Bringing 21st century broadband to rural California will change a 20th century business (and subsidy) model

24 July 2020 by Steve Blum

These rural local exchange carriers (RLECs) – serve isolated communities and individual customers in often rugged and sparsely populated terrain that AT&T historically avoided. Or at least that’s how they got their start decades ago, when rotary dial telephones were high tech and one “party line” circuit might serve (and entertain) half a dozen or more homes. Most of California’s independent telephone systems were swallowed up by bigger companies – Frontier Communications has the largest share – but 13 rural telcos, often collectively referred to as the “Small LECs”, remain.

As California’s population grew from 7 million people just before World War 2 to 40 million today, suburban and exurban development sprawled into the borderlands of highly subsidised RLEC territories. Cable companies followed, offering profitable television service to new, densely built homes with enough disposable income to pay for it.

Cable companies can provide broadband and video service wherever they please, but in order to offer full, facilities-based telephone service they need permission – a certificate of public convenience and necessity – from the CPUC. They are allowed to compete with AT&T and mid-sized telcos like Frontier, but not in the remaining RLEC territories where they can generate a sufficient return on their investment by cherry picking affluent new developments and ignoring communities with fewer homes and lower household incomes. The fewer profitable customers an RLEC has, the more taxpayer dollars it needs to serve the remaining ones.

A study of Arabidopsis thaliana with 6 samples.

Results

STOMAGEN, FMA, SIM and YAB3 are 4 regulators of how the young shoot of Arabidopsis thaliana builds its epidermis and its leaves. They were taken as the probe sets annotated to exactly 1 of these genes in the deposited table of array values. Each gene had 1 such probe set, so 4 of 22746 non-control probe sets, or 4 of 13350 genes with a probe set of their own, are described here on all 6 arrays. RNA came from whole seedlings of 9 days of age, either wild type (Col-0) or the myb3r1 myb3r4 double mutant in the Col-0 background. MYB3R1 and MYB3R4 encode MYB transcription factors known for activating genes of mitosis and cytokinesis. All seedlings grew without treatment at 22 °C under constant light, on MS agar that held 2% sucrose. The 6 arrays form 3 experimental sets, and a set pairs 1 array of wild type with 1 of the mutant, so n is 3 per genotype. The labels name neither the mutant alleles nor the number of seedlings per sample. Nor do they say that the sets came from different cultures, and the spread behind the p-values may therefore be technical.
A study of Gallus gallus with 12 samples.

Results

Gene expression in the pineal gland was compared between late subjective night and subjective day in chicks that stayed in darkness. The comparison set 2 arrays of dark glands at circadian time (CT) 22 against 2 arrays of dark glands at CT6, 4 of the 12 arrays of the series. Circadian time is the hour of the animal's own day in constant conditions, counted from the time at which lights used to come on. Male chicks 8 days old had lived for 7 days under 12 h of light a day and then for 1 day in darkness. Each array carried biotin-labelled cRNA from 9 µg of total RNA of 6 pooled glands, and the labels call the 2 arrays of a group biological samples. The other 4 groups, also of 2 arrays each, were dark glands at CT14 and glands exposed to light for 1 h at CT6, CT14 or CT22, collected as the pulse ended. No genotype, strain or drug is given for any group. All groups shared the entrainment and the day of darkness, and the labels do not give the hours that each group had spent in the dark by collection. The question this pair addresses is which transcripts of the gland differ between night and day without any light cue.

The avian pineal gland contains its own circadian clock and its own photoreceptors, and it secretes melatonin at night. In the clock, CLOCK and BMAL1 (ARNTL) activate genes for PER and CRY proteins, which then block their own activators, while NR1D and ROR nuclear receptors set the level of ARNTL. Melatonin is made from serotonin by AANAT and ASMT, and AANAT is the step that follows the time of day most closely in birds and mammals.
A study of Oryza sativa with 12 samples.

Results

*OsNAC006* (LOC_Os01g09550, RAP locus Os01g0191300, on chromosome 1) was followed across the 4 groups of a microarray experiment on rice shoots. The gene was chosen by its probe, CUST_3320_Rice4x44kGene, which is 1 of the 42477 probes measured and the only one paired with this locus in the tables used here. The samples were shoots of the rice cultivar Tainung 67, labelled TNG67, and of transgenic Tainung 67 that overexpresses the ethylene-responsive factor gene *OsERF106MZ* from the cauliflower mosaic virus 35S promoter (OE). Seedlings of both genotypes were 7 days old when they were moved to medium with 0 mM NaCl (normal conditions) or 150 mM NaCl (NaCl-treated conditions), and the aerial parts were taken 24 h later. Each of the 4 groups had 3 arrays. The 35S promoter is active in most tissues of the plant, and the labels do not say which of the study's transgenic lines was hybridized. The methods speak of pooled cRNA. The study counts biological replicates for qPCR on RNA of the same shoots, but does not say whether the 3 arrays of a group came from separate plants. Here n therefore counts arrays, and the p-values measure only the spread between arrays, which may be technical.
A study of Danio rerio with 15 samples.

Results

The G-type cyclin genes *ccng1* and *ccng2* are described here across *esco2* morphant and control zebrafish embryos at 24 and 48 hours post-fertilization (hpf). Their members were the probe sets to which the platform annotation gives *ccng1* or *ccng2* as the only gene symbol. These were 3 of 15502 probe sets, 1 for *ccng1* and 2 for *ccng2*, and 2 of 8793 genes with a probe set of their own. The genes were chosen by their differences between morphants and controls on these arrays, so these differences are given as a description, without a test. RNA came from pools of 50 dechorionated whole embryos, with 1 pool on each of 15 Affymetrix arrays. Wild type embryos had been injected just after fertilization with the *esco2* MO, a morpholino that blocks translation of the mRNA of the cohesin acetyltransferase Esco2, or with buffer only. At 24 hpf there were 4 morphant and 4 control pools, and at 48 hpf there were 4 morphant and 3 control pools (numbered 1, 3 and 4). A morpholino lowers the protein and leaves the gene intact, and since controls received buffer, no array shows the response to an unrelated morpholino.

Guzman Aceves’ draft decision tries to mitigate that problem by requiring any company competing with RLECs for telephone customers serve everyone within a “self-designed” service area that has “a proportional number of residential to commercial customers, and a proportional number of low-income and non-low-income customers”.

If approved, the new rules would bring the benefits of 21st century competition to a relative handful of rural Californians. Whether RLECs can do the same for the rest, or even simply survive, is a question that will have to be answered by Californian taxpayers.